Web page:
Wesley Medical Center said Tuesday that it will build a $10 million emergency room in Derby starting this fall with plans to open it next summer.
The emergency room will be a free-standing, 11,000-square-foot building on the corner of East 63rd Street South and Rock Road. It will include 11 rooms, imaging capabilities and an on-site lab. Wesley said it plans to hire 10 to 12 new staff members for the facility.
Bill Voloch, president and CEO for Wesley Medical Center, said it wanted to expand to Derby because of its distance from emergency care.
“You don’t want to drive 20 minutes in a car; you want to be as close as you possibly can,” he said.
The project marks Wesley’s fifth emergency room in the Wichita metro area. The others include its main emergency room and pediatric unit at 550 N. Hillside, Galichia Heart Hospital’s Emergency Room at 2610 N. Woodlawn, and Wesley West Emergency Room and Diagnostic Center at 8714 W. 13th St.
The Derby facility will have similar services to the west-side Wesley emergency room, which treats most emergency visits but is not meant for trauma.
Voloch said he anticipates the Derby location will see around 20 patients a day for the first year, but he expects that number to grow to roughly 50 a day after a few years. He said the wait time goal for the Derby emergency room is an average of 10 minutes.
The Wesley administrative team, Voloch said, started talking about the project five years ago, but the plans have started to take shape over the past two years. He said Wesley’s parent company, Hospital Corporation of America, approved funding for the Derby project last week.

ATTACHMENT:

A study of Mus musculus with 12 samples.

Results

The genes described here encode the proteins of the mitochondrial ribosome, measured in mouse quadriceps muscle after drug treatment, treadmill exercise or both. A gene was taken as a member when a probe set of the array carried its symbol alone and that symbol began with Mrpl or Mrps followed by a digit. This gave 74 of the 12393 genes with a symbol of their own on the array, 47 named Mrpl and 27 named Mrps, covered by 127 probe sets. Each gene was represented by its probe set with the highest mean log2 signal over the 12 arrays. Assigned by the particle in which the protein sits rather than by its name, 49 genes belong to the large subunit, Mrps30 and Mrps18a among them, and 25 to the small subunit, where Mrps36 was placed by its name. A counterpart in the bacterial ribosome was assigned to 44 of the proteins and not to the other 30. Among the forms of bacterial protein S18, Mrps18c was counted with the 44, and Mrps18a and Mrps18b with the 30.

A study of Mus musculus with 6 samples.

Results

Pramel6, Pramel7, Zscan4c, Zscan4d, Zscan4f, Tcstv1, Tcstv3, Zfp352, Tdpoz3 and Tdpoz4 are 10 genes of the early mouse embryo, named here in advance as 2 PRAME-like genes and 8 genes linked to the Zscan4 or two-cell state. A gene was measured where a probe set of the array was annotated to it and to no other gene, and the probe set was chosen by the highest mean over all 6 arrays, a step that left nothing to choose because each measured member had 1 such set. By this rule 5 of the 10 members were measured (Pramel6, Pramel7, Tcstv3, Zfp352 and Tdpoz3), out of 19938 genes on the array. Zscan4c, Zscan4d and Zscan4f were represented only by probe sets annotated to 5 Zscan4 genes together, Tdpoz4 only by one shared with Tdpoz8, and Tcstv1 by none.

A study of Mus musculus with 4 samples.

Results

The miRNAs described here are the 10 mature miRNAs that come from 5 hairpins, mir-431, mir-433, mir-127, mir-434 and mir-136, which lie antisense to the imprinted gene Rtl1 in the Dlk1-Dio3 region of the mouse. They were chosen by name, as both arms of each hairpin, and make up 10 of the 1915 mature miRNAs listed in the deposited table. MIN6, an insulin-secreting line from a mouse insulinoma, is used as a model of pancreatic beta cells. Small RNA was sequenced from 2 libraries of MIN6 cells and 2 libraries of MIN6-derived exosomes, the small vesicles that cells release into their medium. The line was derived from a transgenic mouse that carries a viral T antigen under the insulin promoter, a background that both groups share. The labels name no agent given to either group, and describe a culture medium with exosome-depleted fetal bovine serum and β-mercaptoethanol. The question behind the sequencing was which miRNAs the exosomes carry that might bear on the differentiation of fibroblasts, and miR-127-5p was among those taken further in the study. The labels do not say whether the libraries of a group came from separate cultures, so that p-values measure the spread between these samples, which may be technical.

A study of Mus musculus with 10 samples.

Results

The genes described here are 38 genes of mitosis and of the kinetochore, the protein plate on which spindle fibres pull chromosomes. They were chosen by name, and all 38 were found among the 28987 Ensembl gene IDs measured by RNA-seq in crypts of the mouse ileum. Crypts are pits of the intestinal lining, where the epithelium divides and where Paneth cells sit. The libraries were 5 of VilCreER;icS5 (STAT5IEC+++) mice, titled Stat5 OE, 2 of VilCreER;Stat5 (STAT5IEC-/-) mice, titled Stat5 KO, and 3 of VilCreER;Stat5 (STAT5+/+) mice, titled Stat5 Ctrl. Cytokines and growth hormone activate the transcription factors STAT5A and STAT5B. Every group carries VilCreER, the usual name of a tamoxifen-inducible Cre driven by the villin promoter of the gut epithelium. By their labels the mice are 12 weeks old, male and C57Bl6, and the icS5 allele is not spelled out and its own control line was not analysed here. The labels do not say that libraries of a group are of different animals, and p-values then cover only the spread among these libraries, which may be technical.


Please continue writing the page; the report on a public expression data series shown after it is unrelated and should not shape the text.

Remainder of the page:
He said Wesley got a contract to buy the land in the past 30 days and he expects to close on the property in the next 60 days.
Sedgwick County Emergency Medical Services has a post at Derby Fire Station 2. The station is about a mile south of the new emergency room on Rock Road.
Kathy Sexton, Derby city manager, said the city’s commercial development in the past five years increased its need for more community services.
“Derby residents put a high value on being a complete city where they don’t have to drive elsewhere for key services,” Sexton said. “This was at the top of our list for things that we would love to have in Derby.”
Right now, Derby residents most commonly visit Via Christi Hospital St. Joseph, about 10 miles away.
Sexton said the new facility won’t benefit just Derby. It would cut travel time for residents in Mulvane, Rose Hill and other surrounding communities who drive to Wichita for emergency services.
Scott Hadley, director of Sedgwick County EMS, said the new emergency room could help improve turnaround times for ambulances. When an ambulance drops a patient off in Wichita and then travels back to Derby, he said, it lengthens the time the ambulance is outside the community.
“We sometimes have to send additional resources down to Derby while that unit is gone,” he said.
He said they would still travel to Wichita for patients in critical condition and would also transfer patients who need more medical attention from the Derby location.
Jeremy Pauly, director of emergency services for Wesley, said in cases like heart attacks or strokes, every passing minute can damage the heart or brain. He said heart attack and stroke patients would likely need to be transferred to a Wichita hospital, but the Derby emergency room could provide stabilization and immediate treatment.